Gent Jazz Festival: Days 1-4: July 5-8, 2012
Reid Anderson took more bass solos than usual, tending towards a percussively pronounced maltreatment of his strings. The trio still investigated space and pausing, and still packed a punch, but the themes took on a jazz life, and this was probably as close to the music's core as TBP will ever come. Even so, the soloing divisions certainly weren't conventionally demarcated, and seepage was still apparent. The delicately-formed tunes certainly bypassed the ordinary dynamics of a jazz soloing sequence.
Drummer Dave King was mostly manic, but in a contained fashion; the scale of the festival stage and crowd discouraging some of his usual microscopic percussion details. Anderson also took over the between-tune announcements, after many years of pianist Ethan Iverson's urbane deadpanning. Anderson was still deadpan, but more approachably humorous when following Iverson's surreal observations. Anderson joked about kidnapping Redman for the tour's duration, with the saxophonist quietly smiling. He was fully integrated, calmly strong-willed and not prone to an overabundance of storming outbreaks. The balance sounded just right within this ultimate ensemble of uncompromising individuals.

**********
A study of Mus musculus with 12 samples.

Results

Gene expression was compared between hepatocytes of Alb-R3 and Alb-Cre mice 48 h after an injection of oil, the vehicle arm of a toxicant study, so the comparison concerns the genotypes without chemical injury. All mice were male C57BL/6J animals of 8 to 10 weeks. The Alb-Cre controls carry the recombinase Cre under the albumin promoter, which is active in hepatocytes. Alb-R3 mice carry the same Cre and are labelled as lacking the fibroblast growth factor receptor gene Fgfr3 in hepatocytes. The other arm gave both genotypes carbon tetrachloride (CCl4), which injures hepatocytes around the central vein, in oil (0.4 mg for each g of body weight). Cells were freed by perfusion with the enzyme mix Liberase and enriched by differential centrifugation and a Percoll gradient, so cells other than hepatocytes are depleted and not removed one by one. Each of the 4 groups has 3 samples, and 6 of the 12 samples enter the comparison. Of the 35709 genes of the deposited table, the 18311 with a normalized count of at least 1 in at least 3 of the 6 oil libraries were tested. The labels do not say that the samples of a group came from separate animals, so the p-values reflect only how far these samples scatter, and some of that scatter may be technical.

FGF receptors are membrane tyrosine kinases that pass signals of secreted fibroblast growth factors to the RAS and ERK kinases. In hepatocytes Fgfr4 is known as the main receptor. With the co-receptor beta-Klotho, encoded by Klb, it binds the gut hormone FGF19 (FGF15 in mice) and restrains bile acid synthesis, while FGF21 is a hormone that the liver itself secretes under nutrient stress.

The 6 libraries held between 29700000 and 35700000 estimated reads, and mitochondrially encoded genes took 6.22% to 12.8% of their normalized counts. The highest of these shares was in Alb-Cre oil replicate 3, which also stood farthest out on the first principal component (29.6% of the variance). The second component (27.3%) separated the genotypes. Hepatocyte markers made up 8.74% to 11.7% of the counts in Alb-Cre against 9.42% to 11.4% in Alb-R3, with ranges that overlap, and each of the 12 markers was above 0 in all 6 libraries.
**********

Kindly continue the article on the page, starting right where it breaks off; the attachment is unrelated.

Since playing at this festival in 2009, singer Melody Gardot has conceived an entirely new stage show, and it is, indeed, a show rather than a plain old gig. Her touring band three years ago mostly just concerned itself with playing the songs, but now there's a new visually-aware concept to accompany her recent album, The Absence (Decca, 2012). The front of the stage was littered with what looked like harbor flotsam, and the lighting was set on the far side of moody, minimal and shadow-playing. Gardot came onstage garbed in an even more extreme version of her reclusive movie star wardrobe, singing and clapping and stamping her hoof, then sitting at the piano as her large band gradually took its place. She's put a lot of thought into the presentation, the pacing and the sparse-to-strutting dynamics of the show. Two gospelly backing singers, cello, percussion, Charnett Moffett on the bass, old sideman guitarist Mitchell Long and vigorous new sidekick, saxophonist Irwin Hall, all helped to spread Gardot's palette far towards the horizon.
Gardot has been exploring the entire globe for stylistic motifs, from Latin to African, jazz to reggae, fado to flamenco. Hall led his own spotlit segment, with an emphasis on crowd communion. Gardot switched to guitar, sitting at the front of the stage, confident and chatty with the audience, weaving explanatory tales between the songs, effortlessly natural in the name of entertainment rather than some forced, hollow crowd-manipulator. This was a fitting climax to the first week of the festival.